TORONTO - When Canadian acting legend Eric Peterson first heard he'd been chosen as a laureate of this year's Governor General's Performing Arts Awards for Lifetime Artistic Achievement, he immediately thought of his Saskatchewan roots.
"My first instinct was, 'I was sorry my parents weren't alive,'" the beloved and bespectacled stage and screen star said in a recent telephone interview.
"They worried about my career being an actor so much, and they were both fiercely Canadian, so I think they would have taken that as sort of payback for a lot of the worrying they probably did about me."
On Wednesday, the five-time Gemini Award winner was announced as one of six winners of the lifetime achievement award that offers each recipient $25,000, contributed by the Canada Council for the Arts.
The other recipients are violinist Andrew Dawes, musician/producer Daniel Lanois, filmmaker Jean Pierre Lefebvre, actress Viola Leger, and dancer Menaka Thakkar.
Meanwhile, Jean Pierre Desrosiers will receive the Ramon John Hnatyshyn Award for Voluntarism in the Performing Arts, and filmmaker/actress Sarah Polley will get the National Arts Centre Award.
The laureates will be honoured at various events in Ottawa from May 30 to June 1.
"It's a huge honour to me because I've worked here," said Peterson.
"That's the other thing, it's a big reminder of how long one has worked, because this isn't an award for an emerging artist. This is an award for a submerging artist," the wisecracking 66-year-old added with a laugh.
The deeply humble performer and arts advocate also admitted he thought he wasn't deserving.
"Eric Peterson, the real man, real guy here, is going, 'Why are they giving that to me? I just do what I do, and what I do, to me, doesn't seem that special,'" he said.
"I'm highly critical sometimes of what I do and the way I do it."
Peterson's humility perhaps comes from his notion that he didn't choose acting, it chose him.
Growing up in Indian Head, Sask., it just wasn't a career he or many around him thought of, he explained.
"I didn't know anybody who knew anybody who was an actor or came close to it," said Peterson. "Seven degrees of separation? There must have been 1,000, it seemed, if you lived in Saskatchewan.
"So it just wasn't on the career board."
It was in university that Peterson came to know a group of female actors in the drama department, which was low on male members. They asked him to audition, which he did, and thus spawned his performing arts career.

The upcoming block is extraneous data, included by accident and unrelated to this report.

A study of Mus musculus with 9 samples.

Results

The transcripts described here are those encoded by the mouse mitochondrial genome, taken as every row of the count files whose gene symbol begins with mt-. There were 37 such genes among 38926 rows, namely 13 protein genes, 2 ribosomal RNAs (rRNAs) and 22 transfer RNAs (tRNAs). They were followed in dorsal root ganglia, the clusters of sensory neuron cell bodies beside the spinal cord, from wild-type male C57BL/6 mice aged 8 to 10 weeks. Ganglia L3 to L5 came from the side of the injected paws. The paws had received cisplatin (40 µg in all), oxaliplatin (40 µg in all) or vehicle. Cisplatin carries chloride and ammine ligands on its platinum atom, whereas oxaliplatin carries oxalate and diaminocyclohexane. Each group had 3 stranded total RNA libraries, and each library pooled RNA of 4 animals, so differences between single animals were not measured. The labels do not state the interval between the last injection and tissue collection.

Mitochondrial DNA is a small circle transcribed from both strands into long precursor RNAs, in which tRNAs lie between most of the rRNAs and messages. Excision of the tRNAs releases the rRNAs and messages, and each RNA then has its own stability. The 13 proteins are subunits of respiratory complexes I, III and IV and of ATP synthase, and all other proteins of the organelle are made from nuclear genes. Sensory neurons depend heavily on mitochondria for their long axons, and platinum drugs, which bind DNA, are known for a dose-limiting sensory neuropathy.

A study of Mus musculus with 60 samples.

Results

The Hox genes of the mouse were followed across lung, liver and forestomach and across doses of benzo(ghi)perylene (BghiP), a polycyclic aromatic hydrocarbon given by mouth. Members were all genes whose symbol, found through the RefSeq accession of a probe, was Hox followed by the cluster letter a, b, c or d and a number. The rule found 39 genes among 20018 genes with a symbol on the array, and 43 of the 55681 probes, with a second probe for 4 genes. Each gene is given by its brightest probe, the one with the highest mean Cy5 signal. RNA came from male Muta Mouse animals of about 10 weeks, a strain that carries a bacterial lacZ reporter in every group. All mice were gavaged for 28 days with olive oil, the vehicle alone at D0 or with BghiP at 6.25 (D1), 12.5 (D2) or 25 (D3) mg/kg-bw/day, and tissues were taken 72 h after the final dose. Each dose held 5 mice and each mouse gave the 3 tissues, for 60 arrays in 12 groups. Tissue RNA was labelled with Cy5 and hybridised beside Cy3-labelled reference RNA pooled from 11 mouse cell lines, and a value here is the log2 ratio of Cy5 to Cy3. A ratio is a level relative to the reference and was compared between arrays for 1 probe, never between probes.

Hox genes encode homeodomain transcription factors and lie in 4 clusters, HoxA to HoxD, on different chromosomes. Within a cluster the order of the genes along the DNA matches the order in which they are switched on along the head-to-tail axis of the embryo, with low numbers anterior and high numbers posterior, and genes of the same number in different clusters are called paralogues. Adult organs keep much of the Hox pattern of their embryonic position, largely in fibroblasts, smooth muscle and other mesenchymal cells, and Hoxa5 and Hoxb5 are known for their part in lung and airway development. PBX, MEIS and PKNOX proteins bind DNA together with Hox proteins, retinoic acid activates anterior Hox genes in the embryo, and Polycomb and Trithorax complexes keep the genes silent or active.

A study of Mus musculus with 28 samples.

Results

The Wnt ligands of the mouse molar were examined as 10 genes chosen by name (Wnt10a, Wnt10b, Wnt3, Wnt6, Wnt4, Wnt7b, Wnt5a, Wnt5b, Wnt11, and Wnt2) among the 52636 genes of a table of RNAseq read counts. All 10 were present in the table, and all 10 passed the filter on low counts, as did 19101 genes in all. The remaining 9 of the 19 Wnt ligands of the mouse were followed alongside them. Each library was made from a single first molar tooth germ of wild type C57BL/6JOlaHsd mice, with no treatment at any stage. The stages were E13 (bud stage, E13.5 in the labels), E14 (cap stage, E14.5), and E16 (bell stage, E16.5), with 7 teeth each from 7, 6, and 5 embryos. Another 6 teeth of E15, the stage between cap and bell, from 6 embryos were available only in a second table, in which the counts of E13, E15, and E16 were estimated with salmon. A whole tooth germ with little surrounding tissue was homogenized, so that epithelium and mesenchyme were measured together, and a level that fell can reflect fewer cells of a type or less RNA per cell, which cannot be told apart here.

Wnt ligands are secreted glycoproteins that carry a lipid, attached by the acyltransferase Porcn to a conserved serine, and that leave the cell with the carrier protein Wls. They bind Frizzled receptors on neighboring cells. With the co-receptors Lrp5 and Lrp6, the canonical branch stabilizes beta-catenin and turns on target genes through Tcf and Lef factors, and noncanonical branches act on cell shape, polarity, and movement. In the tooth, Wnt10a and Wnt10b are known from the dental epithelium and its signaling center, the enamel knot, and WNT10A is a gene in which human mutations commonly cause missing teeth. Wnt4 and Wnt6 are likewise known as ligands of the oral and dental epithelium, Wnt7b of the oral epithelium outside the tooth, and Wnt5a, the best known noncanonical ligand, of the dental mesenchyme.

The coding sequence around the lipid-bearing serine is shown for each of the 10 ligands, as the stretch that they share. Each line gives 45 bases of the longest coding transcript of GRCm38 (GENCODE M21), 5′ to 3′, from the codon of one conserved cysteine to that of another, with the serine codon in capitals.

One of Peterson's early and most successful theatre projects was "Billy Bishop Goes to War," which he co-wrote, co-composed and co-performed with John Gray.
The two have acted out and updated the multi-award-winning musical — about a Canadian First World War fighter pilot — at three distinct times in their lives.
"That's been so significant for John and I, as the old friends that we are," said Peterson. "But also the national recognition for that — going back and forth across the country, and doing it again at three different times — that kind of connection the Canadian audience makes to it is, in the end, really all I ever wanted.
"That is the real reward for me. It's not money, it's not fame, it's this connection."
Peterson has also connected with film and television audiences, in projects including "Street Legal," "Slings and Arrows," "Traders," and "This is Wonderland."
And, of course, he played curmudgeonly Oscar Leroy on the much-beloved prairie sitcom "Corner Gas," which was shot in Saskatchewan and ended in 2009.
"Here I was looking out at this scenery that I had enjoyed as a child and grew up in this and thinking, 'My goodness, isn't this something?'" he said, recalling his first few days on the "Corner Gas."
"It was like coming full-circle. Forty years ago I had left this place to become an actor and here I was, back acting in it."
Peterson has been a strong advocate for homegrown productions through his work with the Alliance of Canadian Cinema, Television and Radio Artists (ACTRA).
In recent years, he's also been busy with stage roles, including that of a Saskatchewan farmer engaged in a legal battle with biotech giant Monsanto in "Seeds." It's slated to run at the National Arts Centre in March 2014.
He also has a part in Jason Priestley's upcoming feature directorial debut, "Cas & Dylan."
Acting is "a very problematic way to make a living, especially in Canada," said Peterson.
But awards like the Governor General's honour are "greatly encouraging," he added.
"I can get totally lost in my rant about how bad things are, blah, blah, blah, and when I shut up long enough then I start to remember all of the things that actually do operate in this country — and one of them is that, if you keep at it long enough, you will be thanked and appreciated," said Peterson.
"It's tremendously significant. The only better thing is somebody stopping me in the street and saying, 'Hey, aren't you the ('Corner Gas') guy?' That's also amazingly refreshing and totally essential, is having your audience confront you personally, it seems to me, and say that they like what you do and they feel proud of you."